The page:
Waste firms post gender pay gap results

SPECIAL REPORT: As the 5 April deadline approaches for those with more than 250 employees to report their gender pay gap figures, letsrecycle.com breaks down the data so far from the large waste firms and government agencies. 

Most companies submitted their data this week ahead of the 5 April deadline (picture: Shutterstock)

From 2017, companies with more than 250 employees are required to submit their gender pay gap data using a ‘snapshot’ date of 5 April and must submit this within 12 months.

The biggest waste companies – Biffa, FCC Environment, Suez, Veolia and Viridor, as well as the Environment Agency and Defra, have all now submitted their data from the snapshot date of April 2022.

As each company has a range of subsidiaries submitting separate data, the figures look at what is understood to be the largest subsidiary company. Overall group figures may vary and those published separately by the companies are detailed at the bottom of this page.


The figures provide a range of different ways of working out what a company’s ‘pay gap’ is.

The median hourly pay gap is the difference between the midpoints in the ranges of hourly earnings of men and women. This takes all salaries in the sample, lines them up in order from lowest to highest, and picks the middle salary.

As seen below, five of the seven looked at paid men more than women using this metric. The Environment Agency had an exactly even rate while FCC and Suez was slightly below.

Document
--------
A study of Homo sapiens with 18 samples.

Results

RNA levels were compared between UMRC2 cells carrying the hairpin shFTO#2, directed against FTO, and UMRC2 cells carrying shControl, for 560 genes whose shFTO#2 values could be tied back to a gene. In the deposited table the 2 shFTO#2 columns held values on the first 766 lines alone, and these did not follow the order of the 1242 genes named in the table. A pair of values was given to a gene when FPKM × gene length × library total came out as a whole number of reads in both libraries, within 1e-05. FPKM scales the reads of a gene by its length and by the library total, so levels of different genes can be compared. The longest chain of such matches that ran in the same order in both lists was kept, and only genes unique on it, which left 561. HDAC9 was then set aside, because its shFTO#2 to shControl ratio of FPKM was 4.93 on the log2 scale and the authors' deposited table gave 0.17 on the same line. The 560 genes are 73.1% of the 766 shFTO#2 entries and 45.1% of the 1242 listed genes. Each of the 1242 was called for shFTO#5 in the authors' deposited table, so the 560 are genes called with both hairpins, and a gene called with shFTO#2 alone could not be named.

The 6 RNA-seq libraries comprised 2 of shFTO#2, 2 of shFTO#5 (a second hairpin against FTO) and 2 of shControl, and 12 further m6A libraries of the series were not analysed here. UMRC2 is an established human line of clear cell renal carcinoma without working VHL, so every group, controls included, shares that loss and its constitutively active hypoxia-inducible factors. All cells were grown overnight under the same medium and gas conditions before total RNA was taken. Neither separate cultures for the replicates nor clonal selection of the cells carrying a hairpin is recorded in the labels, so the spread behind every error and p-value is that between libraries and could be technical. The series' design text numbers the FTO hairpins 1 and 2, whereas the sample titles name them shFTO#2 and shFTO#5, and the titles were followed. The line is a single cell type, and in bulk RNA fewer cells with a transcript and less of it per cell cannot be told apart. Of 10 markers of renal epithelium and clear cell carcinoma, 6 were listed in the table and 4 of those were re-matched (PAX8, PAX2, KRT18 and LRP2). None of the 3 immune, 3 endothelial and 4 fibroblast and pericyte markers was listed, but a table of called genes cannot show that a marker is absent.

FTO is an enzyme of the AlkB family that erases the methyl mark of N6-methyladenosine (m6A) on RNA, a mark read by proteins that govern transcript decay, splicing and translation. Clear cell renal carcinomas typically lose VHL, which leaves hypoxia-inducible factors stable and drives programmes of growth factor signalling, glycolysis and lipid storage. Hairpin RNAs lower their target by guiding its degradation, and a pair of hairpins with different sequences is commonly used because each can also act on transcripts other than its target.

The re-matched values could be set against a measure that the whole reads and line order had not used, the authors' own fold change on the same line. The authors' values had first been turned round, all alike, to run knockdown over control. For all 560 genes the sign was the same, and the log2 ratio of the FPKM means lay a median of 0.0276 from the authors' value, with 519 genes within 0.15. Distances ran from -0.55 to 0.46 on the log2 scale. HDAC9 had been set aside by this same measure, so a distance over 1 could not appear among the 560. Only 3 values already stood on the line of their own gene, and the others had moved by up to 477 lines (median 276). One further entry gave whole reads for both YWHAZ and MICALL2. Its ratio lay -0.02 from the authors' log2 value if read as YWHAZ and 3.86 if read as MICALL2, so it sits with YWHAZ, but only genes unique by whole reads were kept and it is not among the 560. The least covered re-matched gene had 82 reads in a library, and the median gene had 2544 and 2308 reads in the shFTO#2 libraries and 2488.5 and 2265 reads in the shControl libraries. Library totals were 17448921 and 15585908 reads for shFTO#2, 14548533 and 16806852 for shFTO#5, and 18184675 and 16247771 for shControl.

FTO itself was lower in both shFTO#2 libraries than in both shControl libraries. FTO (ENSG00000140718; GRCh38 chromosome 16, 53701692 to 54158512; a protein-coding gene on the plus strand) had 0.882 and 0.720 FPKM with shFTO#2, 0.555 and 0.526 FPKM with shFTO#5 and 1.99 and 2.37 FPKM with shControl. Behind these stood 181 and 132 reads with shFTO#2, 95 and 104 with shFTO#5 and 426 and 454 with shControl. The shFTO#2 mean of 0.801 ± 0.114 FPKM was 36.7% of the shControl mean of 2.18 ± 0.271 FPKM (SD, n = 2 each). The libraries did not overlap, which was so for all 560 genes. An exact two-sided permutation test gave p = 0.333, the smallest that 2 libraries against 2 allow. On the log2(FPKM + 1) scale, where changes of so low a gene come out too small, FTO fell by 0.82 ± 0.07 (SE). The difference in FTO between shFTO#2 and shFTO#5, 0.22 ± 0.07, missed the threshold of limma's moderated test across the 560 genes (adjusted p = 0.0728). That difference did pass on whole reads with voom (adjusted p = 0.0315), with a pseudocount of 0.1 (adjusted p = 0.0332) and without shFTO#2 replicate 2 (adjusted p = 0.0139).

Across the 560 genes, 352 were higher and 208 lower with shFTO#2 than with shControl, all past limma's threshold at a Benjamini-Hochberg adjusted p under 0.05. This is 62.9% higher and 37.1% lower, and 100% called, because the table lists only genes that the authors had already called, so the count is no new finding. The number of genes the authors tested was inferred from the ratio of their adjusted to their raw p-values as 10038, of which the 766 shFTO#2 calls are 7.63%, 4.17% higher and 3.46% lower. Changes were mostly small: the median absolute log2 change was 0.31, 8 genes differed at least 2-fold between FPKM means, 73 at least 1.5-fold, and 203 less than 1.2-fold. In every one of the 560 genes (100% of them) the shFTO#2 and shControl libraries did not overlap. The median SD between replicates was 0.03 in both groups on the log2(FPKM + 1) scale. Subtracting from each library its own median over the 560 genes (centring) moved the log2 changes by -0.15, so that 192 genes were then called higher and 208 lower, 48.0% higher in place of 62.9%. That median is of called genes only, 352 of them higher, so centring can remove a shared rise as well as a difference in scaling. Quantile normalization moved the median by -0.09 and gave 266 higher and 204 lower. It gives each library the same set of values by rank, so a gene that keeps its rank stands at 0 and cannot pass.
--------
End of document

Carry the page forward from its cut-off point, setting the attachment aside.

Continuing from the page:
The median hourly percentage difference is helpful as it can work out how much a woman earns for every pound of that by a man. At Defra, for example, women earn 93p for every £1 that men earn when comparing median hourly pay. Their median hourly pay is 6.6% lower than men’s.

The national average shows that women earn 85p for every £1 that men earn when comparing median hourly pay, so 15% on the above table.


Another way of looking at the data is calculating the mean percentage difference. The mean involves adding up all of the numbers and dividing the result by how many numbers were in the list.

Mean averages are useful because they place the same value on every number they use, giving a good overall indication of the gender pay gap, according to the government. However, very high or low hourly pay can ‘dominate’ and distort the figure, the government said.

This can impact some figures in the waste sector as often lower paid manual jobs are undertaken by males.

Here, the picture is more mixed. Only Viridor Energy and Defra had a significant pay gap data in favour of men, with the Agency having 0.1% in favour of men. Suez, Veolia, Biffa Waste Services and FCC are all in favour of women.



Companies are also able to publish a supporting narrative to accompany their data.

Biffa explained in its note that the company goes beyond what is required and explained that across the Biffa group, its mean gender pay rap figure was just 2.6% in favour of men.

FCC Environment said its figures show that it has “no gap for women in our workforce because we have a high proportion of women in non-manual support, technical and managerial roles within the business. These roles are typically paid higher than male dominated manual roles.”

Suez explained that its male pay is gradually growing at a higher rate to close the gap as it is working on giving its lowest paid employees better pay.

Veolia said its group hourly mean rate, combining all of its subsidiaries, was 6.4% in favour of women, and the median was 0.59% in favour of women. Veolia also said this has been closing in recent years as it is seeking to increase pay for the lowest paid frontline employees who are generally male.

Viridor did not provided extra information on its gender pay gap.